US bond ETF trading hit record volumes ahead of Fed rate decision
We’ll send you a myFT Daily Digest email rounding up the latest Exchange traded funds news every morning.
Latest news on ETFs
Visit our ETF Hub to find out more and to explore our in-depth data and comparison tools
Trading volumes for US bond exchange traded funds spiked to a record high on June 13 as soaring inflation prompted investors to bet on a more aggressive path for interest rate hikes by the Federal Reserve at its meeting later that week.
US fixed income ETF turnover hit $58bn on June 13, a one-day record which surpassed the $53bn of trading on the previous busiest session in March 2020 when financial markets went into freefall during the early stages of the coronavirus pandemic.
“The record volume is a sign that investors are increasingly using fixed income ETFs as their vehicle of choice during times of market stress,” said Todd Rosenbluth, head of research at VettaFi, a data provider.
Yields on two-year US Treasury bonds jumped 24 basis points on June 13 amid the trading frenzy. This took the rise in yields so far this year to 252bp, reflecting the shift in investors’ expectations about the extent of monetary tightening by the Fed and inflicting severe pain on bondholders.
BlackRock’s iShares iBoxx $ High Yield Corporate Bond ETF (HYG) registered $9bn worth of trades on June 13, more than double its average daily volume over the previous 20 trading days, according to the world’s largest asset manager.
HYG’s most direct competitor, State Street’s SPDR Bloomberg High Yield Bond ETF (JNK), also saw record volumes of $4bn on the same day.
“Trading volumes have increased across ETFs as markets have become more volatile. It reflects investors’ desire to source liquidity via ETFs as they adjust portfolios to the reality of an aggressive Fed,” said Matthew Bartolini, head of SPDR Americas research at State Street Global Advisors.
But large discrepancies also appeared between the prices of some fixed income ETFs and the value of their constituent bonds, echoing the price dislocations that occurred during March 2020.
HYG closed at a discount to its net asset value of 122 basis points on June 13, compared with an average closing premium of 11bp over the previous 12 months, according to BlackRock.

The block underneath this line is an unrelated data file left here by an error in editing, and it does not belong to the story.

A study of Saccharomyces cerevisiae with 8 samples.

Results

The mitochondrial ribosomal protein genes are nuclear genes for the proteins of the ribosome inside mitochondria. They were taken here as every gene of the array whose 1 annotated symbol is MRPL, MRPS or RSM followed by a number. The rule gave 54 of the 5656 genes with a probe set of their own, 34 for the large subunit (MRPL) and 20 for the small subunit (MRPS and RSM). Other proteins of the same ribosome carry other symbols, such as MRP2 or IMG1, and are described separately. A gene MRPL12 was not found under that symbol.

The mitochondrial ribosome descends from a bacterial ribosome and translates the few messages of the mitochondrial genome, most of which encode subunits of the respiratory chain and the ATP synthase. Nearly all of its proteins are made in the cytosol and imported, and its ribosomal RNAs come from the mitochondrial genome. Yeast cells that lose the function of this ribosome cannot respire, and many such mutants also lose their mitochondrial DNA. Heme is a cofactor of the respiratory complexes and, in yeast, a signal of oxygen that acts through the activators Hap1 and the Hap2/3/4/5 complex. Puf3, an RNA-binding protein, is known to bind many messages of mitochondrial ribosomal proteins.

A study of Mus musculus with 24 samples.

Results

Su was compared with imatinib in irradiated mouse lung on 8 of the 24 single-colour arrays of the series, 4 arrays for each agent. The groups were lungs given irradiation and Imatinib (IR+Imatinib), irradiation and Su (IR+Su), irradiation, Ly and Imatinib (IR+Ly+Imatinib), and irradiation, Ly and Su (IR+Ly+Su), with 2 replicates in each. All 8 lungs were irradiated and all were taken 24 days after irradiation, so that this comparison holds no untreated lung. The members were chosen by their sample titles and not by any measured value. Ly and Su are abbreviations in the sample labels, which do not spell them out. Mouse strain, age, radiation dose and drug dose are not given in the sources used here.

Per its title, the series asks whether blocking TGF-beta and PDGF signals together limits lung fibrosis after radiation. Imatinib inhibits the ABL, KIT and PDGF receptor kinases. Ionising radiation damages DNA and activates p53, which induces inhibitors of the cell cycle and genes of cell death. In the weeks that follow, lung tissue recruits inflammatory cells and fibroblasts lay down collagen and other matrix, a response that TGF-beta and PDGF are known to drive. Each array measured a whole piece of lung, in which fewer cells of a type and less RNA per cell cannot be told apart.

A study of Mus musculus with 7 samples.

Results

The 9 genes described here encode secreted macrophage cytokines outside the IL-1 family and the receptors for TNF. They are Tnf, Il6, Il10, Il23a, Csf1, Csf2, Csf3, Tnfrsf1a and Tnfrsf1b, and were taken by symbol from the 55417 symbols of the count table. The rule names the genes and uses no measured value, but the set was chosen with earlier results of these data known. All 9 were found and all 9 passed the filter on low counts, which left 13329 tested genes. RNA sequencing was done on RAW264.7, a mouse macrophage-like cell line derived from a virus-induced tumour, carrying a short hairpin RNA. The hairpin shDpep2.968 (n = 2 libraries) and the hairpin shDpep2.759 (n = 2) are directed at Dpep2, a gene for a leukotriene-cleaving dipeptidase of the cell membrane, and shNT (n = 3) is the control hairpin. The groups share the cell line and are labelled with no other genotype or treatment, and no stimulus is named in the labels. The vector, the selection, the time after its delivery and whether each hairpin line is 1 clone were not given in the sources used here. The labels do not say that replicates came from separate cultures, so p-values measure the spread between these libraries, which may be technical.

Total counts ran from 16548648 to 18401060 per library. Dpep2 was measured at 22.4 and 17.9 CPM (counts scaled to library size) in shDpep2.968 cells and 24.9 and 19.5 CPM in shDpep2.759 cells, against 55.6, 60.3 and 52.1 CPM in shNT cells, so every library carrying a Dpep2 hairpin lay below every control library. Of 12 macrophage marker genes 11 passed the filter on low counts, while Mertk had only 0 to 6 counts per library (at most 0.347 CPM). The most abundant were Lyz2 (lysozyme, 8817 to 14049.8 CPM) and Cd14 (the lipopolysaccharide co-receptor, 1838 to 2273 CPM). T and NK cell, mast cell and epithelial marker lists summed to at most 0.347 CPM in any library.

“Not every high-yield bond trades every day or with the same frequency as a fixed income ETF. So the net asset value of a bond can be more stale than the price of the ETF, particularly given the rapid changes in the bond market,” said Rosenbluth.
HYG’s trading volumes were equivalent to 65 per cent of all over-the-counter high yield trades on June 13, according to BlackRock.
It insisted that the divergence from NAV was a demonstration of the price discovery process unfolding via ETFs, the most liquid vehicles operating in fixed income markets. In a falling market, cash bonds, which typically trade less often, catch up at a later date with the lower pricing levels indicated by the ETF.
“Credit ETF prices are often a leading indicator for the [rest of the] bond market. In times of market stress, bond ETFs have consistently provided price discovery and the ability for investors to express their differing investment views in real time,” said Carolyn Weinberg, global head of product for iShares and index investments at BlackRock.
US-listed bond ETFs gathered net inflows of $34bn in May, their second highest monthly haul on record, according to State Street. But so far this month, investors have pulled $1.8bn from bond ETFs, it said.
Withdrawals from investment grade, high-yield and bank loan ETFs have reached a combined $6.4bn so far in June but these have been partially offset by positive inflows of $3.7bn into short-duration government bond ETFs, traditionally one of the safest corners of fixed income markets.
“The outflows coincided with weakness in credit markets with yields on high-yield bonds surpassing 8 per cent for the first time since March 2020,” said Bartolini.
Some observers fear that sharp price declines in fixed income ETFs could exacerbate a sell-off in the underlying cash bond market but several studies have dismissed these concerns.
Rosenbluth said that some ETF investors might have sold their holdings at a bigger discount to net asset value but they were still able to exit from their positions in a timely manner with limited costs by trading on an exchange.